Lilly – the Foxhound with a very unusual lameness
Lilly, a 4 year old Foxhound first became unwell in December, shortly after the other dog in the household had sadly died. At first her owners thought Lilly might be missing her old friend but they soon noticed that poor Lilly was lame and that all four of her legs were swollen.
Lilly was treated for suspected immune-mediated polyarthritis (IMPA – a condition where the pet’s own immune system attacks the tissues in the joints and causes lots of inflammation) but despite using multiple medications she remained lame and was very lethargic. When she didn’t improve and the swelling got worse she was soon referred to the internal medicine service at Northwest Surgeons.
When she arrived Lilly was very quiet and subdued. Her owners felt her appetite hadn’t been good since she became unwell and Lilly had lost a significant amount of weight. Most importantly though, when I examined Lilly there were a couple of clues that gave me some idea of what might be going on – the swelling in her legs actually seemed to be affecting the bones rather than the joints, and she had also developed quite a nasty cough! Together, these signs were suspicious of a condition called hypertrophic osteopathy or Marie’s disease, a debilitating disease where bony swellings develop secondary to disease elsewhere in the body, often in the lungs.
Lilly was admitted for further investigations. Sure enough the chest x-rays showed a large mass, suspected to be a cancer, in her left lung. The x-rays of her limbs showed lots of new bone formation with a very irregular surface – this was the cause of the swelling her owners had noticed!
The reason for the strange bony reaction associated with some cancers in the chest is not well understood. Thankfully, though, treating the underlying disease usually helps a great deal and we discussed with Lilly’s owners that the best thing we could do would be to operate to remove the lung mass. They decided to go ahead and the next day Lilly was operated on by our soft tissue surgery specialist, Prof. John Williams. He was able to successfully remove the mass and, although Lilly had a few difficult days while recovering (and gave those of us looking after her a few scares!) she was back at home and doing well a week later.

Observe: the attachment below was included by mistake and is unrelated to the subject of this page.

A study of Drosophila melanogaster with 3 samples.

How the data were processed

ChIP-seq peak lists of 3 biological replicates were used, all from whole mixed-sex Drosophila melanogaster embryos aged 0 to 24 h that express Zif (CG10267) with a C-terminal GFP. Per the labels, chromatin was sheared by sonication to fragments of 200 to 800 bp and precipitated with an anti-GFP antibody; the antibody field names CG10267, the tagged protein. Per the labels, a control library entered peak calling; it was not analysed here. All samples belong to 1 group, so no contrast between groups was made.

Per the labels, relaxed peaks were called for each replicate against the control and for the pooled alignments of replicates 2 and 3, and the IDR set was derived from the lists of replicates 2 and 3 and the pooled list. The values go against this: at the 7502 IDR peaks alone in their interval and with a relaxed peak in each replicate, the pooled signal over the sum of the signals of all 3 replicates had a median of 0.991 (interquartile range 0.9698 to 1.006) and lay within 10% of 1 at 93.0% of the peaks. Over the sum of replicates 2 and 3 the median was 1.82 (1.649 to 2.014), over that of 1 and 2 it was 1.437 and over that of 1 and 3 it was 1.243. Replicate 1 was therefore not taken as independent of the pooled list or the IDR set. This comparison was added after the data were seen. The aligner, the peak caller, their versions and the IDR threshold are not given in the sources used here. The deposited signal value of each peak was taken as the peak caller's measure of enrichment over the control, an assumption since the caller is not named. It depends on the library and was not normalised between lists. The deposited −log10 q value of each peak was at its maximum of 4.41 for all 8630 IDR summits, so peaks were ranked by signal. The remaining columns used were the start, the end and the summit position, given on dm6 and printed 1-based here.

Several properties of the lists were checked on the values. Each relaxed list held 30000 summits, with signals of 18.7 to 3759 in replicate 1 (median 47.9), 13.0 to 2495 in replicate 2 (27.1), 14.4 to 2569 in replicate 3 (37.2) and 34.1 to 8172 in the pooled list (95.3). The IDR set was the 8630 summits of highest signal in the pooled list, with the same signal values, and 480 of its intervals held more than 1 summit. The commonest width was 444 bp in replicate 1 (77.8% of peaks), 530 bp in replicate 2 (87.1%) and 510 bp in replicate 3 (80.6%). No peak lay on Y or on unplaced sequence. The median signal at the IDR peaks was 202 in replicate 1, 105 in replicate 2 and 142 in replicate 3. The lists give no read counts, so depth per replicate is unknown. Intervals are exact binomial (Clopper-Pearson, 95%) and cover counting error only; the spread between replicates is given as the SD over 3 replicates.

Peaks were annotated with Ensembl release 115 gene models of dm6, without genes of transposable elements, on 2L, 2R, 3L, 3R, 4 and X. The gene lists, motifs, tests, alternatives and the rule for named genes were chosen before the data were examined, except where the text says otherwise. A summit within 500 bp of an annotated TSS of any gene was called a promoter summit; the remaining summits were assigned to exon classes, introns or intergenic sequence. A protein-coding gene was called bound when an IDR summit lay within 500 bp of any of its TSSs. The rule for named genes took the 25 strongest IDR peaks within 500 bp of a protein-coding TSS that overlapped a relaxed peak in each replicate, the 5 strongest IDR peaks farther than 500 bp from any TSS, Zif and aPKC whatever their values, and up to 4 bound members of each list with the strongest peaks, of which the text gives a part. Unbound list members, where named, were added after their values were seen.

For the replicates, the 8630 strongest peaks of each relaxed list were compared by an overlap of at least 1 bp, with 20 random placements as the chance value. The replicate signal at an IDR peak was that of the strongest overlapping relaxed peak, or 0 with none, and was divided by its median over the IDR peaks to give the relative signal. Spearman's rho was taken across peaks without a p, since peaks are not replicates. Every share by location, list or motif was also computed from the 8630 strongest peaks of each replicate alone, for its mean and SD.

Follow-up tests revealed good news and bad news. The bad news is that the lung mass was, as we suspected, a cancer. The good news is that dogs with these types of cancer can do very well for several months or years following surgery and hopefully this will be the case with Lilly – a few months down the line her legs are no longer swollen and she is back to her normal bouncy self – long may it continue!
Karen CrawfordKaren graduated from the University of Glasgow in 2005 and then spent time in first opinion practice in Worcestershire. Having enjoyed her medicine rotations as a student, she then decided to return to Glasgow to complete an internship, followed by a year in a large first opinion and referral practice in Yorkshire.In September 2009 Karen moved south and undertook a 3 year residency training programme in small animal internal medicine at the University of Bristol. She successfully completed the first part of the Diploma exams for the European College of Veterinary Internal Medicine in 2012 before moving to Northwest Vet Specialists.Karen enjoys all aspects of canine and feline medicine, but is particularly interested in immune mediated diseases, transfusion medicine, and emergency and critical care. Her research interests include immune-mediated haemolytic anaemia and portosystemic shunts.